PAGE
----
Turkish children suffer from malnutrition amid economic crisis, says expert

Hacer Foggo, founder of the Istanbul-based Deep Poverty Network, said in a recent interview that children in Turkey were disproportionately affected by poverty and in particular suffered from malnutrition.

Speaking to the Diken news website, Foggo said she had read a recent report prepared by the Turkish General Practitioners Journal which revealed that one in every four children was underweight. Moreover, anemia had become a serious problem affecting 85 percent of girls and 65 percent of boys.

“Anemia is a serious disease that has a direct impact on the physical well-being of children. What we see today is that nearly all girls, and the majority of boys under the age of 18, suffer from this disease,” she said.

Turkey is currently in the middle of an economic crisis as consumer prices accelerated to an annual rate of 61.14 percent in March, up from 54.4 percent in February.

Food and fuel prices have more than doubled in the last few months. An increasing number of Turks have complained on social media about rising electricity bills and falling into debt. Many have said even basic foods such as vegetables have become a luxury as prices have risen by nearly 400 percent.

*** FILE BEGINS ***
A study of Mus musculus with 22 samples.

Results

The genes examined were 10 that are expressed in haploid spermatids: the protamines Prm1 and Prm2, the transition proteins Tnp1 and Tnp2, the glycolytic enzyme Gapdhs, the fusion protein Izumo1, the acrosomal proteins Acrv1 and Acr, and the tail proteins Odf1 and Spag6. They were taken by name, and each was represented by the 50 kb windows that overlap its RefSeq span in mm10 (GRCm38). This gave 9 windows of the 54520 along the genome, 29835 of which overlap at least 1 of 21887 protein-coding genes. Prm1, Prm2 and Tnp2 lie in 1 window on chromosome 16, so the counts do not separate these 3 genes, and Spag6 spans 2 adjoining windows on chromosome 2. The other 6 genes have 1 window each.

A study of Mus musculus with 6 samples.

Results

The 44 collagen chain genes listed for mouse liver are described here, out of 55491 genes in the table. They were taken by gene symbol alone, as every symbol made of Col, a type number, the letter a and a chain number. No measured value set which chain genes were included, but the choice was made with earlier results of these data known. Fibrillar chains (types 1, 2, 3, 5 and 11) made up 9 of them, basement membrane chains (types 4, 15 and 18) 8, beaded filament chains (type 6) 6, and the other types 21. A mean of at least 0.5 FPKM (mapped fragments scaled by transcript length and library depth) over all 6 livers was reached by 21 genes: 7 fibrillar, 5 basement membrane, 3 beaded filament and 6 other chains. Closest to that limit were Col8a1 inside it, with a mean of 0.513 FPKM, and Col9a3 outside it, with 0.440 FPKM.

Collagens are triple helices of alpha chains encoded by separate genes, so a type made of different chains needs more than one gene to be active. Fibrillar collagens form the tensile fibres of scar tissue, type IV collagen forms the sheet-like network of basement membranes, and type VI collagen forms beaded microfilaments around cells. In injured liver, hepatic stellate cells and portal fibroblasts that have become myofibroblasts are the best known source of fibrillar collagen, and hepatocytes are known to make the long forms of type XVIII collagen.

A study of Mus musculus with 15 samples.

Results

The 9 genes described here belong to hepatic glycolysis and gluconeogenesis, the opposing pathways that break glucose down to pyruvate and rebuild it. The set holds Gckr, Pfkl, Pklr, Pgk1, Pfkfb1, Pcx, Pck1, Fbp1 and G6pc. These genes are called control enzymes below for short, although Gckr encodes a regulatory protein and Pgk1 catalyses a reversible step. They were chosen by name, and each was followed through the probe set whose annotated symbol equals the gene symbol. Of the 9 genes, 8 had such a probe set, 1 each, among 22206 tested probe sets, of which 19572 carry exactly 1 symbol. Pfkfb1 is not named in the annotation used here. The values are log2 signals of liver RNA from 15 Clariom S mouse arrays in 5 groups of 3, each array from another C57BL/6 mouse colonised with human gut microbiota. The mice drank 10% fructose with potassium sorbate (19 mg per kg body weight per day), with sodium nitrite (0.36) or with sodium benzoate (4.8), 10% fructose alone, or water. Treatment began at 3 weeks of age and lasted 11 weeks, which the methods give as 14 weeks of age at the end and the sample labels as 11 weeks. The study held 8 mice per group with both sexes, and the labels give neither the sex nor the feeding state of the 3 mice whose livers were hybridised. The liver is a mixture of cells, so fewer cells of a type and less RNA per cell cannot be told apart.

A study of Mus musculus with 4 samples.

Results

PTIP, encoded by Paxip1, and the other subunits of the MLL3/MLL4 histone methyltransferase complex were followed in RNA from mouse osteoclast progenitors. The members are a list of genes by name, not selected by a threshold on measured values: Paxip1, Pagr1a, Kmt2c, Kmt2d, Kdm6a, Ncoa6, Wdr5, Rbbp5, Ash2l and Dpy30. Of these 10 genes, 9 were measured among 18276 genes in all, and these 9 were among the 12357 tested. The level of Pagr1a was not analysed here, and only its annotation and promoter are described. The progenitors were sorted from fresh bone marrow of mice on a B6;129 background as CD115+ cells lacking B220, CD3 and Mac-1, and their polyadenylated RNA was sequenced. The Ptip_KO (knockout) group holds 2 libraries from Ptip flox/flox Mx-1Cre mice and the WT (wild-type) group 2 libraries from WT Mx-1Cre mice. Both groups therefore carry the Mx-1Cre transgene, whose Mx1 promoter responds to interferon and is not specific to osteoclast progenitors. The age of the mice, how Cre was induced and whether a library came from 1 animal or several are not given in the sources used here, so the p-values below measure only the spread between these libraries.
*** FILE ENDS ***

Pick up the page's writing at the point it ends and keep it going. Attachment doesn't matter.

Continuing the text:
“While doing field research in poor neighborhoods, I found that mothers did not have milk or age-appropriate baby food so they had to feed them whatever they had available. This is very dangerous for the baby’s health and can result in serious problems,” she added.

Despite increasing poverty, the government is ignoring the problems of those people who cannot access basic foods, according to Foggo.

She said the government needed to urgently address poverty and develop effective policies for children to access food. “Childhood diseases can have a long-term impact and become chronic,” Foggo said. “An unhealthy adult can’t work and therefore will be condemned to further poverty. The government needs to break this cycle with proper policies to tackle poverty as soon as possible.”

Emphasizing that poor children had to deal with hunger and stress, Foggo said this lowered their quality of life dramatically.